Et seur ce / je vous envoie un virelay / le quel iay fait * et se il y a aucune chose a amender / si le weilliez faire * car vous le sarez mieus faire que ie ne fais * car iay trop petit engien pour bien faire une tele besongne.
As Guillaume and the woman exchange ballads, ballad songs, lays, virelays, and rondeis, it may seem they have found a harmonious means of communication within the highly codified medium of the courtly romance lyric.
For one example, see the discussion of a virelay
of Guillaume de Machaut in my Chaucer and His French Contemporaries (27-28).
Guillaume de Machaut, who popularized the new lyric genres such as the rondeau, ballade, lay, and virelay
in the 14th century, is considered to have been the leader of the new rhetorique, or poetic art.
The standard virelay
form has three stanzas, each preceded and followed by a refrain.
By degrees they introduced greater diversity into their compositions, and formed dits (ditties or moral songs), ballads, complaints, roundelays, and virelays
, of which there were many varieties, and lastly fabliaux and lays, which perhaps only diered from each other by some peculiarity in their musical accompaniments' (i, p.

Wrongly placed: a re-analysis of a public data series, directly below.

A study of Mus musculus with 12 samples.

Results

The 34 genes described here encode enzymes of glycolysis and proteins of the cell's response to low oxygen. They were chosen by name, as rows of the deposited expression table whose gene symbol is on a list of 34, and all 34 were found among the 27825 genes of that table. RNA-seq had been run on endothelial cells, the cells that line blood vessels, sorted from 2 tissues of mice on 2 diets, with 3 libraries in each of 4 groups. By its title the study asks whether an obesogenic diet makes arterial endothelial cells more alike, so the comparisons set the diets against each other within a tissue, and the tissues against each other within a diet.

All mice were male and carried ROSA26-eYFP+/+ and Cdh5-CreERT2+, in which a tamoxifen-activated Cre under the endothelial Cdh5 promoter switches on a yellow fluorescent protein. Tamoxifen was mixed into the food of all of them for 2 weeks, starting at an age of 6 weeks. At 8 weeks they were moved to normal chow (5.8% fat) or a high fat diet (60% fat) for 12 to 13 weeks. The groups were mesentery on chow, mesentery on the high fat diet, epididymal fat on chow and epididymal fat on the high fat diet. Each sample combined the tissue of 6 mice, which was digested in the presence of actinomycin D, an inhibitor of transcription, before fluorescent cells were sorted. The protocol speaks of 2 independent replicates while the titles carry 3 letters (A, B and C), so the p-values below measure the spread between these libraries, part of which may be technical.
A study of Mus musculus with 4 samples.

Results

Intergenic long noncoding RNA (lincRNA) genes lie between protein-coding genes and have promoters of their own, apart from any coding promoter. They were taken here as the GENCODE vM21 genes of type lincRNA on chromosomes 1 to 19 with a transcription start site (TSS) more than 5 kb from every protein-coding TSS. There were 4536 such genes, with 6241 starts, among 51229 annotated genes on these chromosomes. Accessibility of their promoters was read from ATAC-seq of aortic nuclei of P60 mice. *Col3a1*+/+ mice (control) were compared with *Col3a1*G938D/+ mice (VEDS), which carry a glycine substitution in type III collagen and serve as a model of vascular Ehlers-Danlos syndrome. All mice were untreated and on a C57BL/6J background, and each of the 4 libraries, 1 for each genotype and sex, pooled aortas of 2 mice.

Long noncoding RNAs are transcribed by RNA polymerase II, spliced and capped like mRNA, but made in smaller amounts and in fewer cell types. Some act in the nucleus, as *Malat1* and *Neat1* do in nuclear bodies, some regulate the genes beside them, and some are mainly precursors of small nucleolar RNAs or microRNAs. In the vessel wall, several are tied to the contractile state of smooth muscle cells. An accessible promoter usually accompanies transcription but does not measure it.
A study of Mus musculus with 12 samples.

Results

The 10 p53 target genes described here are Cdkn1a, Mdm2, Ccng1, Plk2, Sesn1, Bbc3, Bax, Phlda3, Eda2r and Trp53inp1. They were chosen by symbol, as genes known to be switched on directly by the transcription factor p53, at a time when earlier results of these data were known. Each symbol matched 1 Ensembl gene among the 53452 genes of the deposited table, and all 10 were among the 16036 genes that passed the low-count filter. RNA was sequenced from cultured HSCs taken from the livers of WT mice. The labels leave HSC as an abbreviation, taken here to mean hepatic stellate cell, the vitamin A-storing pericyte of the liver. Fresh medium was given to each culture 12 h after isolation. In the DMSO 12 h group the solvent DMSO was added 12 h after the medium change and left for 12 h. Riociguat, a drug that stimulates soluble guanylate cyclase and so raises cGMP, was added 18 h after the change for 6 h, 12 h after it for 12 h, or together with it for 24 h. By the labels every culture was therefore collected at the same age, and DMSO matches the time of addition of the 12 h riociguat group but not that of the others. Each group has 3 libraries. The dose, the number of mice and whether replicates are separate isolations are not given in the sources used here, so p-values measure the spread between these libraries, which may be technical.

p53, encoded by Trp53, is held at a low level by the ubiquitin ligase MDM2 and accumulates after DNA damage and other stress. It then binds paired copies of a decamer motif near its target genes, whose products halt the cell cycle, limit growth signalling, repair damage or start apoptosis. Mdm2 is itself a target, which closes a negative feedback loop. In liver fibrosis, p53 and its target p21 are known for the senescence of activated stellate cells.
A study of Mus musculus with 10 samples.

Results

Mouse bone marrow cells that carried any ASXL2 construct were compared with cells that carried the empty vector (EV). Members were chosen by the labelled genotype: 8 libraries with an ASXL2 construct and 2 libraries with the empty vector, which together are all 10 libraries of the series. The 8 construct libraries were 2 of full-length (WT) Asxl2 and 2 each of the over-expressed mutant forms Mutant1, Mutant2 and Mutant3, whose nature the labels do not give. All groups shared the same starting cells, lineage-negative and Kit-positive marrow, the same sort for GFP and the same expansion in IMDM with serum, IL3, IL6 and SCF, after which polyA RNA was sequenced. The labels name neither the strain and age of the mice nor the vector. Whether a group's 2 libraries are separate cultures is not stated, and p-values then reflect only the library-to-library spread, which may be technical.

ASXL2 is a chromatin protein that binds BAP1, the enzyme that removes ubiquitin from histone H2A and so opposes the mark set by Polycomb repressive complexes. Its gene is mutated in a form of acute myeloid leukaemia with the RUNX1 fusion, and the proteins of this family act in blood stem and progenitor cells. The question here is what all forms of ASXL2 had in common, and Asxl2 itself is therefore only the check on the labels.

25, 1949: "I hope you and Jack kept it up well into the small hours, capping carryout with carryout, besting ballade with ballade, vying in virelays
and triumphing with triolets.
Du Bellay is famous for declaring that the only French poets still worth reading are Guillaume de Lorris and Jean de Meung, (16) and by rejecting virtually all the traditional genres of French poetry, such as the virelays
, rondeaux, and ballades; Du Bellay eschews them either for purely classical, and hence nationally-neutral genres such as the epigram, ode, and elegy, or for genres such as the sonnet which originate with Italy, France's great rival on the literary scene.
Guillaume also wrote lays and virelays
, and his many rondeaux and ballades were instrumental in establishing these as set forms.